Glencoe Lochan – The Wonderful, Quiet and Peaceful Hidden Woodland Walk in Scotland
Scotland is currently under new restrictions due to the coronavirus pandemic. Keep informed with the latest news on the Scottish Government website. I visited Glencoe Lochan in September 2020. When there were no travel restrictions in place.
When we hear the word Glencoe it reminds us of mountains, low clouds and gloomy atmospheres. We know what to expect from this magical place in the Scottish Highlands. With thanks to a Google search, I discovered Glencoe Lochan. It is near Glencoe Village. Not too far from Glencoe itself.
Glencoe Lochan is a glorious woodland area with the mountains of Glencoe as the backdrop. After adventuring around Glencoe and all it has to offer, it’s a peaceful way to end your day.
It’s owned by the Forestry and Land Commission of Scotland. The Earl of Strathcona planted the lochan in the nineteenth century. He did so for his Canadian wife who was homesick – this was his gift to her. I wish I could get a lochan for a gift! The trees are tall North American conifers. As a Scottish-born person when I first saw the trees I thought ‘wow they’re tall!’ not the same kind of trees I am used to seeing.
Over the past few months, I’ve become a much bigger fan of the Forestry and Land Commission of Scotland. You can always rely on them to give you a beautiful scenic place to walk. Their website gives you so much information on the trails. They tell you the length of time you’ll need. And also the suitability and accessibility of each route for all kinds of walkers. They have coloured posts through the forests. The colours are for each different route so you’ll never stray too far from the path.
The most accessible route is the lochan trail or the ‘red trail’. It’s very even ground with no rocks to clamber over and there are plenty of benches and places to rest along the way. The walk goes around the lochan (a small loch/lake) with those glorious tall trees surrounding you. The route takes around half an hour and you can walk around the lochan as many times as you like. I could walk around the place for hours with my headphones in.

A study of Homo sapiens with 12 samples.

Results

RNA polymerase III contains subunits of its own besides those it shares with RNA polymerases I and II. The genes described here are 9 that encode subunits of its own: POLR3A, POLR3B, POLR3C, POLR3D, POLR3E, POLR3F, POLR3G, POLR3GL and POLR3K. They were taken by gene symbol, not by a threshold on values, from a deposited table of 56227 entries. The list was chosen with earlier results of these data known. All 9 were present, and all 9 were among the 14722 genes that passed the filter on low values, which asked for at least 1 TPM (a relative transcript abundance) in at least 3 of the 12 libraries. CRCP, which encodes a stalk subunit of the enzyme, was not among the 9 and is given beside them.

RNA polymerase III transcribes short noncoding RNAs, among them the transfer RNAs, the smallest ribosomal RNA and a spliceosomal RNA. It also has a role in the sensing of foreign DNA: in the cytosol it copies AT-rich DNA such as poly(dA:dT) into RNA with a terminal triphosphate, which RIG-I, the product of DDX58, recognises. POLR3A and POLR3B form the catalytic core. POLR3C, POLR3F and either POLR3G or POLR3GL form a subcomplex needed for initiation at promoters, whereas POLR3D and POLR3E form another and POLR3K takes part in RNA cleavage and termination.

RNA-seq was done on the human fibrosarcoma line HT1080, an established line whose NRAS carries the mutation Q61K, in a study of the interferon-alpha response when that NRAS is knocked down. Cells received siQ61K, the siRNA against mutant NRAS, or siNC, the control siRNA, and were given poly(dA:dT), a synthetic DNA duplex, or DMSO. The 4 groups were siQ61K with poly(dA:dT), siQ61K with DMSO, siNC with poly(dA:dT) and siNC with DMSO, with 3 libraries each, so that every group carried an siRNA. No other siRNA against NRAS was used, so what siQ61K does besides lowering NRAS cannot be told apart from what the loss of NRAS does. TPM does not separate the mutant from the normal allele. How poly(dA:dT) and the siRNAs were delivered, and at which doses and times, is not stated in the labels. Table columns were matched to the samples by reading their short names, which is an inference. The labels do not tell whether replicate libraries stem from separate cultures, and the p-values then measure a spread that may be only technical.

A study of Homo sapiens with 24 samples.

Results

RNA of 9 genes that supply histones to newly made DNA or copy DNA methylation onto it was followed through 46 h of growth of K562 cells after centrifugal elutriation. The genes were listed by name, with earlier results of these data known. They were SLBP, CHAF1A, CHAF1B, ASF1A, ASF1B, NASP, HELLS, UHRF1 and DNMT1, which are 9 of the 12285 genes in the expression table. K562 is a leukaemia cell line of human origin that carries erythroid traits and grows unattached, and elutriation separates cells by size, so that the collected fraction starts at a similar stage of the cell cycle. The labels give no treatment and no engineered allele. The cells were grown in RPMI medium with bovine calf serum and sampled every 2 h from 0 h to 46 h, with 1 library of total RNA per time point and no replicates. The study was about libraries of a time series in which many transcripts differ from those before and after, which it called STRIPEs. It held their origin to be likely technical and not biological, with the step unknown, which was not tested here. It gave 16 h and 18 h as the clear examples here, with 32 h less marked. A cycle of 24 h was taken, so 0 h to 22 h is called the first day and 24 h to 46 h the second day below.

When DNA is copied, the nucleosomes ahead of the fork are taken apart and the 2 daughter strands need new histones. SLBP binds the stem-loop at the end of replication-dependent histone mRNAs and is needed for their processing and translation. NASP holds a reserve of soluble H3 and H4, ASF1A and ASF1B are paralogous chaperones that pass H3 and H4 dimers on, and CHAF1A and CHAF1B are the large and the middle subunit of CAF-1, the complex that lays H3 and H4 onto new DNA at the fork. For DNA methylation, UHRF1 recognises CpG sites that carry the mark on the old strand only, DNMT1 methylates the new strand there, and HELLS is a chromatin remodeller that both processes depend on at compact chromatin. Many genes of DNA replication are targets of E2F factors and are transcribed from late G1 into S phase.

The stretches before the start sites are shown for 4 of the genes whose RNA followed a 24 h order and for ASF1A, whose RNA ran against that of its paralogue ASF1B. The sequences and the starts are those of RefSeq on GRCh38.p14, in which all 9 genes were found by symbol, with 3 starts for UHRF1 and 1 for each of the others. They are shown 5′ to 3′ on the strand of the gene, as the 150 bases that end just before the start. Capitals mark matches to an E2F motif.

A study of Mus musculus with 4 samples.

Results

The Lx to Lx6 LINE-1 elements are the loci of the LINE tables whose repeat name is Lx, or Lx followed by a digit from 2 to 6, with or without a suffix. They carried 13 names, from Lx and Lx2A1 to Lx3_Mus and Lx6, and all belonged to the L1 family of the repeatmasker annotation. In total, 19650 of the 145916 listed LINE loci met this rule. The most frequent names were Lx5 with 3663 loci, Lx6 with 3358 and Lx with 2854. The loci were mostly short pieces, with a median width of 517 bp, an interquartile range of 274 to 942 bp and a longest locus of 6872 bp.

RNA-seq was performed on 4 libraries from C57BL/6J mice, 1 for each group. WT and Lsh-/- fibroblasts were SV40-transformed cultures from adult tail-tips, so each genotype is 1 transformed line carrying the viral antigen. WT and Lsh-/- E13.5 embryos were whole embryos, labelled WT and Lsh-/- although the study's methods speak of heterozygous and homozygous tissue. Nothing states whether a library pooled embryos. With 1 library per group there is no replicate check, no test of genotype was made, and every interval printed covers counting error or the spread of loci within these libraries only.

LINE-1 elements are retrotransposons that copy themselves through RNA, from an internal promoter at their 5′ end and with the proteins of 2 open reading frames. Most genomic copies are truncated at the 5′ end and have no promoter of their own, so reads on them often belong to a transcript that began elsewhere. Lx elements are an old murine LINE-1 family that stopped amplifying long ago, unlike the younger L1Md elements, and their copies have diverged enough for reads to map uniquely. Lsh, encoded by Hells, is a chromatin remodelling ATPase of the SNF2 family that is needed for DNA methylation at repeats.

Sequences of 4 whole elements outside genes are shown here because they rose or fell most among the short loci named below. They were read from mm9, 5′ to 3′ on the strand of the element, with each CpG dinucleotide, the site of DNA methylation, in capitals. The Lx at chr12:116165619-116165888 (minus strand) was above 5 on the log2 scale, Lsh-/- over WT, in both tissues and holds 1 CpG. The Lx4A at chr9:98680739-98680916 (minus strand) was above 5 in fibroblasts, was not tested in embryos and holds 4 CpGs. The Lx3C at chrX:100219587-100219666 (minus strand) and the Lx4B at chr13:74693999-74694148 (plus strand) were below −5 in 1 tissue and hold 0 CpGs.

For the woodland trail, you follow the yellow post. It takes you through most of the tall woodlands – the smell of the fresh pine needles! This one is a little bit rockier with some short steep sections but it’s easy to navigate through. There’s a bench not too far along the trail that overlooks Loch Leven. It’s a peaceful place to stop off and enjoy your surroundings for a little while. I was lucky to see some Devil’s Coach Horse Beetles scurrying about the dying leaves on the ground! The yellow trail is the one we took and it was lovely, taking about an hour at a peaceful walking pace. The yellow trail immediately joins onto the red trail to walk around the lochan.
The final trail is the mountain trail which you can reach by following the blue posts. This trail takes you up a steep hill and is a bit uneven with rooty sections. Meaning you’re most likely to come across huge tree roots in the ground that you may or may not trip over! The Forestry Commission says the view from the slopes of Stac a’Chlamhain is superb – so you know it’s a good one. Because we were a little bit tired we decided not to take this route. We were looking for a calm and peaceful walk, but for all the hikers this is the path for you.
If you are planning a visit to Glencoe in the future, put Glencoe Lochan on your list for the same day too. It’s not far from Glencoe and you can also visit the village for facilities and local food. You won’t regret it.